While Lovecraft Country might be HBO’s new breakout hit, the series also represents further proof of a sea change in fantasy, science fiction, and horror that has been building since long before the Black Lives Matter movement’s resurgence. Virtual convention company AllAccessCon is highlighting the breakthrough of Black stories in genre fiction with a day-long online event called Writing Genre While Black this Thursday, August 27.
“We hope to demonstrate Black voices in genre fiction aren’t just a trend, but in fact are part of a continuum since the early days of such stories in the mid-1800s,” explains AllAccessCon founder John Edward Lawson.
Genre stories by Black authors of the Victorian era would today be categorized as “alternate history.” By writing under pen names they assimilated into all branches of genre fiction during the pulp era.
More recently, Black authors and editors have been spotlighted after controversies at the World Fantasy Awards, where Nnedi Okorafor was presented a bust of outspoken white supremacist H.P. Lovecraft, and just weeks ago at the Hugo Awards when Game of Thrones author George R.R. Martin seemed to intentionally mispronounce names and otherwise diminish non-white, non-male award nominees and winners, such as Fiyah Magazine of Black Speculative Fiction.
Author and educator B. Sharise Moore, poetry acquisitions editor for Fiyah, will be a guest speaker at Writing Genre While Black. In addition to discussing Conjuring Words: An Afrofuturist Textbook, of which she is editor, Moore will cover designing curricula around diverse representation for schoolchildren.
Lawson’s own “Goatman Country” presentation draws from his Goatman urban legend contribution to the Weird Maryland guidebook, and parallels between his attempts to walk back roads alongside the U.S. Agricultural Research Center where the Goatman was said to originate, and experiences of Lovecraft Country‘s protagonists driving through “sundown towns.”
Although AllAccessCon is based on inclusivity, and previously hosted genre-specific events, this is the first focused on racial equity and representation. In late 2019 the company began organizing virtual conventions for those left out of the convention scene because they live in remote areas, are from persecuted groups, or are undergoing economic hardship.
Genre website Sci-fi and Scary learned of the campaign on its first day through social media and championed AllAccessCon to their readership. “As soon as I read the description, I knew it was something that I personally needed to support.”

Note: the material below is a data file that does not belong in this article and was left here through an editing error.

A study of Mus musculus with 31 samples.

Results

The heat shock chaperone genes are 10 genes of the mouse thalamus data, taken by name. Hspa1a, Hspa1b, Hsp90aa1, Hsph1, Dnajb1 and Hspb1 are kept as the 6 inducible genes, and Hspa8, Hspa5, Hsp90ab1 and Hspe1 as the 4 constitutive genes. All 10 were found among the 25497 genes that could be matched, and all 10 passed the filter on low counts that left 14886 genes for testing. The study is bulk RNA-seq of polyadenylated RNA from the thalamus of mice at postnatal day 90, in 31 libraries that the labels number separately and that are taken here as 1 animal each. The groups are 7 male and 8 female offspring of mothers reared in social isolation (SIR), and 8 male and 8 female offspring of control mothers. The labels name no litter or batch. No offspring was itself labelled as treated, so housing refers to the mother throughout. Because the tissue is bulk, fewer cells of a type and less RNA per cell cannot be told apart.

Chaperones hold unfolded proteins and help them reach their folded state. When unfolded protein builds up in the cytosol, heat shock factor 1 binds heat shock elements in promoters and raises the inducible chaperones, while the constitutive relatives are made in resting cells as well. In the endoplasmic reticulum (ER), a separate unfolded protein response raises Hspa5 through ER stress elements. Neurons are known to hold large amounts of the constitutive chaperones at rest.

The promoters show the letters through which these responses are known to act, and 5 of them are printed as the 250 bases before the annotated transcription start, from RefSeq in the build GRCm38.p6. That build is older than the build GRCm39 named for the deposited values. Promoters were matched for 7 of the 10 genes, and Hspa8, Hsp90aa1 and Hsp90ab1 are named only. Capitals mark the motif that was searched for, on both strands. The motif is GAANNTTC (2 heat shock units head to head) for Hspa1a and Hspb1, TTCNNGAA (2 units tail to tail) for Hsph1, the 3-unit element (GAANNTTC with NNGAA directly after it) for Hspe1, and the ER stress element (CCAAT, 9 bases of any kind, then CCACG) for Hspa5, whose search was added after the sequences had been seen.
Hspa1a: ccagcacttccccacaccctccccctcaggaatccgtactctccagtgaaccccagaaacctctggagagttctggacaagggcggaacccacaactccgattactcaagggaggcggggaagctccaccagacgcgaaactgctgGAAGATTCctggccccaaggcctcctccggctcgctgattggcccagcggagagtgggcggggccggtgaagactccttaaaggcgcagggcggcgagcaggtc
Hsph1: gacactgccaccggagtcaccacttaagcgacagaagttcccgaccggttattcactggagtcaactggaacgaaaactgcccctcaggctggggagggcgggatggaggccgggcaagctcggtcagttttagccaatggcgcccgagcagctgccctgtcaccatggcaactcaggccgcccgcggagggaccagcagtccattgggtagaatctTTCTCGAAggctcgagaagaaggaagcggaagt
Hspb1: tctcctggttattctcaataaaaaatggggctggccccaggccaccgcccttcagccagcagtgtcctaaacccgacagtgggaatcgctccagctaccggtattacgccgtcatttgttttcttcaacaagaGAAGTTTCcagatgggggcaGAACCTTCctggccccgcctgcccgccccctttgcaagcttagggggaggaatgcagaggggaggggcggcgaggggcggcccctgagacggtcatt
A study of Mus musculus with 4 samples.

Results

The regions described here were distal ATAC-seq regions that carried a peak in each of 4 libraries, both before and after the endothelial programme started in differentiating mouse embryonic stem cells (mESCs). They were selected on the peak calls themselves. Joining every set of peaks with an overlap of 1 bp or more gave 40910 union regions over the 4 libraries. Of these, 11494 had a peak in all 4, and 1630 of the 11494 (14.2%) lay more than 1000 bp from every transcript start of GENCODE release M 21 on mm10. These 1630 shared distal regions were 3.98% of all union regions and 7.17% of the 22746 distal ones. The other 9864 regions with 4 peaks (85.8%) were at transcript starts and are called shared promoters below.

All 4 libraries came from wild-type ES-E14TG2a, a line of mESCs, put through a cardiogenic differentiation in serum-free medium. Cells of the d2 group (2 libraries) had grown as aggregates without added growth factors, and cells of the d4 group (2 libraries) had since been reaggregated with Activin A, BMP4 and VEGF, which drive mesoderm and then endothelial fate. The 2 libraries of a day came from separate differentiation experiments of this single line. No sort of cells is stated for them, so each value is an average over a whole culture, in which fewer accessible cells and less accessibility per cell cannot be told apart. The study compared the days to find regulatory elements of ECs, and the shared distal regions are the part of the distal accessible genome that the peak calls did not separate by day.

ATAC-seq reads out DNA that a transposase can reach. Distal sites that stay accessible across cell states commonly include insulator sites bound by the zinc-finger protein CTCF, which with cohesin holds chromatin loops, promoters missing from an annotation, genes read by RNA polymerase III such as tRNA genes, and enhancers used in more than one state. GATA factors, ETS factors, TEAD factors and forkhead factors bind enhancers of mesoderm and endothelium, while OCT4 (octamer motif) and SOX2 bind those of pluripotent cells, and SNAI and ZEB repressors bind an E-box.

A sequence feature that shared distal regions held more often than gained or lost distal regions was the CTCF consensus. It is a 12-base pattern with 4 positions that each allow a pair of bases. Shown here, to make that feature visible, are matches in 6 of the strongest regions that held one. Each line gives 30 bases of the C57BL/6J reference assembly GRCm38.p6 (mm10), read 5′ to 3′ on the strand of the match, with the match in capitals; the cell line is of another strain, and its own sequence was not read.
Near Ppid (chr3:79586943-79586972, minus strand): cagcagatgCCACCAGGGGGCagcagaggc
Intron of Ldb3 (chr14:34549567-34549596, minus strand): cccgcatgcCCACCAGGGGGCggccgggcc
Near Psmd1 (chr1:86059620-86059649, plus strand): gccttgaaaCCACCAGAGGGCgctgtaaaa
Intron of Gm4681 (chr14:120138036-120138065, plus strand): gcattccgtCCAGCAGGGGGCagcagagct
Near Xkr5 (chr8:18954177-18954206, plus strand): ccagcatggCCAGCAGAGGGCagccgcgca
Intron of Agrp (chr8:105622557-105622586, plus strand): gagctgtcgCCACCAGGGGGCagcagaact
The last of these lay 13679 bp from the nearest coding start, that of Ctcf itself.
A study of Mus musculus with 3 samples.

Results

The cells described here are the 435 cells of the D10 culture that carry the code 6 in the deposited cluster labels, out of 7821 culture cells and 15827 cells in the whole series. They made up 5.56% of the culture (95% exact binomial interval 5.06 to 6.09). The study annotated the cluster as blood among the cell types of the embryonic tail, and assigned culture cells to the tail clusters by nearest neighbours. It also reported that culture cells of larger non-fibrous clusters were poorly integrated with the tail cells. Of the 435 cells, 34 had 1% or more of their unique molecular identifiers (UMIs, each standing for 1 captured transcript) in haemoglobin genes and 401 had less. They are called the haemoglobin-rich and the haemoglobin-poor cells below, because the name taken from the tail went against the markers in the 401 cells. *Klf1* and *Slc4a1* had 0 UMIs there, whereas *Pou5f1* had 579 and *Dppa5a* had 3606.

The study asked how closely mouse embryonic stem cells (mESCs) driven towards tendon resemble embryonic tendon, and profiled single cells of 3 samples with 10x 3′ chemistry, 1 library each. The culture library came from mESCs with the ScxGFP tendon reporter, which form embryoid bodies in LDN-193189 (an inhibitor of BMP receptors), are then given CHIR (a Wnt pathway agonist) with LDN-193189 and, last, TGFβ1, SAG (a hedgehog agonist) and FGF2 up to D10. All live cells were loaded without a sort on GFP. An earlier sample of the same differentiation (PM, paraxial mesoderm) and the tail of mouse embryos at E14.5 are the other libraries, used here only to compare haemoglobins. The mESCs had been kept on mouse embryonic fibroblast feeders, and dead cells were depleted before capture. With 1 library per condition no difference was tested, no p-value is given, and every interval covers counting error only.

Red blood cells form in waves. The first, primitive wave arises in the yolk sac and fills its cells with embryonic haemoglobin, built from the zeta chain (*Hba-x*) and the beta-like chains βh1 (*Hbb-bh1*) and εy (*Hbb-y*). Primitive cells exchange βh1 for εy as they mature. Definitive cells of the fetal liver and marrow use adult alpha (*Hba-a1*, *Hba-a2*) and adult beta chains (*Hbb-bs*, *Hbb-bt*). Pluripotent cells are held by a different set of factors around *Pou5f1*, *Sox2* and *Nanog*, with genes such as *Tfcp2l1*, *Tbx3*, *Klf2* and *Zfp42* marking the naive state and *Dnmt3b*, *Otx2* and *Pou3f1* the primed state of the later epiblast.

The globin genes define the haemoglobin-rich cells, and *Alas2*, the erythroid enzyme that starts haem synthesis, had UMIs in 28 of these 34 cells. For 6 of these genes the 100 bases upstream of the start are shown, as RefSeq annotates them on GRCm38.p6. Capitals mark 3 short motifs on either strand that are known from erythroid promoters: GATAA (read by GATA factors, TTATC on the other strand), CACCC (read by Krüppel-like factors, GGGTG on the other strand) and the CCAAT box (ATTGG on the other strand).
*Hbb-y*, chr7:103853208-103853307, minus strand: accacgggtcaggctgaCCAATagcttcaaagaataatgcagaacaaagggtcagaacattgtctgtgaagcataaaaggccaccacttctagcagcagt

Sci-fi and Scary editor Lilyn G. added, “As someone who has psychological, physical, and monetary limitations myself, it was a pleasure to hear this from John. It emphasized to me that this project is coming from a place of deep desire to help all of his fellow bookworms connect in a way that is more comfortable and accessible.”
The crowdfunding campaign reached its goal, unlocking Indiegogo’s evergreen campaign feature which is still active at https://www.indiegogo.com/projects/allaccesscon.
AllAccessCon plans to go beyond its initial mission, however. According to Lawson, “As a Black entrepreneur I know a lot of folks are struggling to make it after COVID-19. That’s why we’re donating twenty-five percent of proceeds to organizations making a difference on the ground right now.”
The three groups that will receive funds from Writing Genre While Black are Food Bank of Delaware, Fuel Fund of Maryland, and Diverse Writers and Artists of Speculative Fiction. Several Diverse Writers and Artists of Speculative Fiction members, including authors K. Ceres Wright and L. Marie Wood, will also be involved as guest speakers.
Tickets to Writing Genre While Black are still available at https://hopin.to/events/writing-genre-while-black. In recognition of the current economy 250 free tickets have been made available in addition to paid options. Highlights of this and other AllAccessCon events will air at a later date on the company’s Roku, Amazon Fire TV, and Apple Tv channels currently in development.
“We didn’t start this conversation,” Lawson notes. “And just like genocidal policies didn’t start or stop with the Jim Crow era shown in Lovecraft Country, we know the discussion around Black authors and heroes is going to continue well after our event. We just hope to give people hungry for info a bit more context and resources.”